According to the New York Post, beleaguered Weight Watchers International has at least one suitor.
The Post reported on Monday that knowledgeable sources say the weight-loss firm, which is down almost 90% in the last few months on slipping revenues and growing red ink, has attracted the attention of an activist hedge fund. The fund is apparently negotiating with potential partners about making an offer for the iconic firm, according to the sources.
Of note, the fund has recently bought most of the company’s remaining $144 million in senior loans due April 2016. The sources highlighted that Including debt, likely to be bought at a discount, the total price would probably be close to $2 billion.
Michael Mauboussin: Challenges and Opportunities in Active Management And Using BAIT #MICUS
Michael Mauboussin's notes from his presentation at the 2020 Morningstar Investment Conference, held on September 16th and 17th. Q2 2020 hedge fund letters, conferences and more Michael Mauboussin: Challenges and Opportunities in Active Management Michael Mauboussin is Head of Consilient Research at Counterpoint Global in New York. Previously, he was Director of Research BlueMountain Capital, Read More
“The hedge fund cornered most of the first lien,” one of the sources noted.
The $2 billion offer from the unnamed hedge fund and a partner would come close to doubling the current just-above $4 share price of Weight Watchers.
More on possible Weight Watchers buyout
Analysts point out that Weight Watchers has been very slow to react to changes in the weight-loss market such as Fitbit and Apple Watch, and is paying the price. Fewer and fewer people are signing up for its classes and buying its products.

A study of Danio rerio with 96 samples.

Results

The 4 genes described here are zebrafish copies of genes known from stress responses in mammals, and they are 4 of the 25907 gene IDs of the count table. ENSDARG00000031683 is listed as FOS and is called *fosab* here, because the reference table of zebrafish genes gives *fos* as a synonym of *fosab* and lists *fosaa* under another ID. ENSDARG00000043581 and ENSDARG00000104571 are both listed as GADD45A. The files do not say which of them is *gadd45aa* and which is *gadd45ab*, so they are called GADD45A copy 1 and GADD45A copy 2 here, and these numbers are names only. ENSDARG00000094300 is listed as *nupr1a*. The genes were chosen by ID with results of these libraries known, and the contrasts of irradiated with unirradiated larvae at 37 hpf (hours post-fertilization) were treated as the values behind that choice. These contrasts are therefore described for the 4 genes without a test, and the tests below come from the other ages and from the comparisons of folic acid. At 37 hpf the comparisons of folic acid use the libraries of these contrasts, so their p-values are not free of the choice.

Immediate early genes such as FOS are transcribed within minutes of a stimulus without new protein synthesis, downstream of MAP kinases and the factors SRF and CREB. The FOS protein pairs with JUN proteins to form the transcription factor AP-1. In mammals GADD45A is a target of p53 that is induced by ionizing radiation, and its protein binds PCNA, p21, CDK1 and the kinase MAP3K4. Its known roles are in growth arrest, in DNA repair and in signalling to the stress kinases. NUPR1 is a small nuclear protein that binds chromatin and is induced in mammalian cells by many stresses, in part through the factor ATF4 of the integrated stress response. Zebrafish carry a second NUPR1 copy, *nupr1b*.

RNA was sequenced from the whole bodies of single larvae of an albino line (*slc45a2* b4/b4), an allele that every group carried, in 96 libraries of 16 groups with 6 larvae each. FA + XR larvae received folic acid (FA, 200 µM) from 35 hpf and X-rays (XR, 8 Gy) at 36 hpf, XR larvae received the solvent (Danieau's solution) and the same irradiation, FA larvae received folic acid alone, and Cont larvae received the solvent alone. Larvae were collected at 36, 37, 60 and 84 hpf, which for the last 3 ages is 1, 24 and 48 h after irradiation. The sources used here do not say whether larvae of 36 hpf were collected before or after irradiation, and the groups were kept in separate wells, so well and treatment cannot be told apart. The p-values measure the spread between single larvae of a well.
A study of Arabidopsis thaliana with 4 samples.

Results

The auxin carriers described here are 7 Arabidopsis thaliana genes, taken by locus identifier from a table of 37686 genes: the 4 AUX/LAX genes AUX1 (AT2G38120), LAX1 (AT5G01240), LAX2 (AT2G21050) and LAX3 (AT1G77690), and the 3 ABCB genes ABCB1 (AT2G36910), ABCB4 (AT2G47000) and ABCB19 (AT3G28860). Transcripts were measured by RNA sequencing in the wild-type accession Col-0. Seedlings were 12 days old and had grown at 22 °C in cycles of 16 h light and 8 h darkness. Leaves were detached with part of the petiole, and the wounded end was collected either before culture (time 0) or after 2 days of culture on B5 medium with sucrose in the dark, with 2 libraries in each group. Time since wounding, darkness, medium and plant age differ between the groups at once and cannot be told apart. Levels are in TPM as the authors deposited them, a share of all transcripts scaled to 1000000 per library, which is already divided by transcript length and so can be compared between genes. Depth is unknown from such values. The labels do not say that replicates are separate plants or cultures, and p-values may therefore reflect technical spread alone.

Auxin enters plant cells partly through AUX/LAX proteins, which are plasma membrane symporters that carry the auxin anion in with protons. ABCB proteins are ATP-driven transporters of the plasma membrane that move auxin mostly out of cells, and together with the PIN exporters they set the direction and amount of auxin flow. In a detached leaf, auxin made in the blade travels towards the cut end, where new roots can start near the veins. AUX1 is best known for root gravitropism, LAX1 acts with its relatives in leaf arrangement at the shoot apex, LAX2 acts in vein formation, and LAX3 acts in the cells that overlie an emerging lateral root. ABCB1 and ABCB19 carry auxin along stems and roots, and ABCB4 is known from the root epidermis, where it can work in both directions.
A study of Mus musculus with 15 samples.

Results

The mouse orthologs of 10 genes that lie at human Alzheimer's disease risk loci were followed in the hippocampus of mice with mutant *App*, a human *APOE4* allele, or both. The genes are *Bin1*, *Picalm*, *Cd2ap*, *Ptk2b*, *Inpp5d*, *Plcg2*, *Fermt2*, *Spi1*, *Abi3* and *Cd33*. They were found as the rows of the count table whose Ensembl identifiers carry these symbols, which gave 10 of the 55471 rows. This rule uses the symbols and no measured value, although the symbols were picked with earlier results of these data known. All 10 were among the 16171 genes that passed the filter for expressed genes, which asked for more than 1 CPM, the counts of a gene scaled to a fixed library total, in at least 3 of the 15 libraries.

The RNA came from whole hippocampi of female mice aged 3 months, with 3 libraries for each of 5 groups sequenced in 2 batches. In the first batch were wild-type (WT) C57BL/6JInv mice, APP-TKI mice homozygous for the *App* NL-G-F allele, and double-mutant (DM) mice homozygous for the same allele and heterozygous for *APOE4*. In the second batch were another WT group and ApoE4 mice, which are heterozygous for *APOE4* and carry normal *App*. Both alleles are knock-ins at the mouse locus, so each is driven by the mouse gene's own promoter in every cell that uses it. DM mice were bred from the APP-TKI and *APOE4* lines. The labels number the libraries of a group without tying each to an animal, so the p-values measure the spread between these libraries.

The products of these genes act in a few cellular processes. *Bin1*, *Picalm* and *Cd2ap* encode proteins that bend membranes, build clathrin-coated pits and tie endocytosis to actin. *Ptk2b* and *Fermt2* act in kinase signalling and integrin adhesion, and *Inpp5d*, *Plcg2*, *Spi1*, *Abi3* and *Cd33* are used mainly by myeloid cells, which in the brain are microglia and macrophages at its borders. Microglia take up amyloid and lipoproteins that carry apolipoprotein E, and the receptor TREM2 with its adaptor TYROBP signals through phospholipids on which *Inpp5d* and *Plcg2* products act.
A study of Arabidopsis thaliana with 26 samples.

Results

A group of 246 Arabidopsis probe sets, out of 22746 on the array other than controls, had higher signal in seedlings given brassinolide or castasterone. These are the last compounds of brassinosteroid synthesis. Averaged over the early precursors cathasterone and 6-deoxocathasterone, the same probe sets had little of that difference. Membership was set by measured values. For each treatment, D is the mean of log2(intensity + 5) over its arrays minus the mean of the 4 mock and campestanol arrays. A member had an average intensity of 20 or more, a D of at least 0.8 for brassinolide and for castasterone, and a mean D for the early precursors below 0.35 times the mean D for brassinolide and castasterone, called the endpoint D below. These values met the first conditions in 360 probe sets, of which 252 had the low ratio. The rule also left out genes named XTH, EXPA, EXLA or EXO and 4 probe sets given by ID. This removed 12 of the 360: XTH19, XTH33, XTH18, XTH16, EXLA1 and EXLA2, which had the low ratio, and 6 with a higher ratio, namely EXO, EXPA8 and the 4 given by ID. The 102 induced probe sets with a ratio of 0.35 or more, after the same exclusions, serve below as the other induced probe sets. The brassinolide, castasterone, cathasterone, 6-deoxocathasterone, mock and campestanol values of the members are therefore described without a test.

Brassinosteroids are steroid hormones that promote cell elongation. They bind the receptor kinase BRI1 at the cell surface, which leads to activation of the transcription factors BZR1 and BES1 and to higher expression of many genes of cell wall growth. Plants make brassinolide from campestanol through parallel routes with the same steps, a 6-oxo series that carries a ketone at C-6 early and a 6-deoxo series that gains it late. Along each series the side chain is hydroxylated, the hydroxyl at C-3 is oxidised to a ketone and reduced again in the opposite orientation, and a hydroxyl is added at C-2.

Total active subscribers dropped by 17% from the year-earlier period in the first quarter. Even worse, active users in major market North America decreased 21% during the quarter, the firm noted.
“We were slow to react to the realities of the mobile revolution,” CFO Nick Hotchkin commented back in May. “Our systems were old and creaking and made us susceptible to free [diet] apps.”
That said, the half-a-century-old company remains the leading weight-loss brand in the world as it hosts 36,000 meetings a week worldwide..
Analysts also point out that, regardless of the current low price, convincing Artal Group, which has a 51% controlling stake in Weight Watchers, won’t be easy.
Artal Group paid a mere $224 million for Weight Watchers 16 years ago, and had seen $3.8 billion in profits as of late 2012. They are unlikely to part with their cash cow unless they get a fair price.
Keep in mind that the firm’s cash on hand has slipped to less than $130 million, not enough to pay the close to $144 million senior loan debt payment coming up in April of next year. The company does have access to a substantial revolving line of credit.
Weight Watchers International is up 26% in early market trading.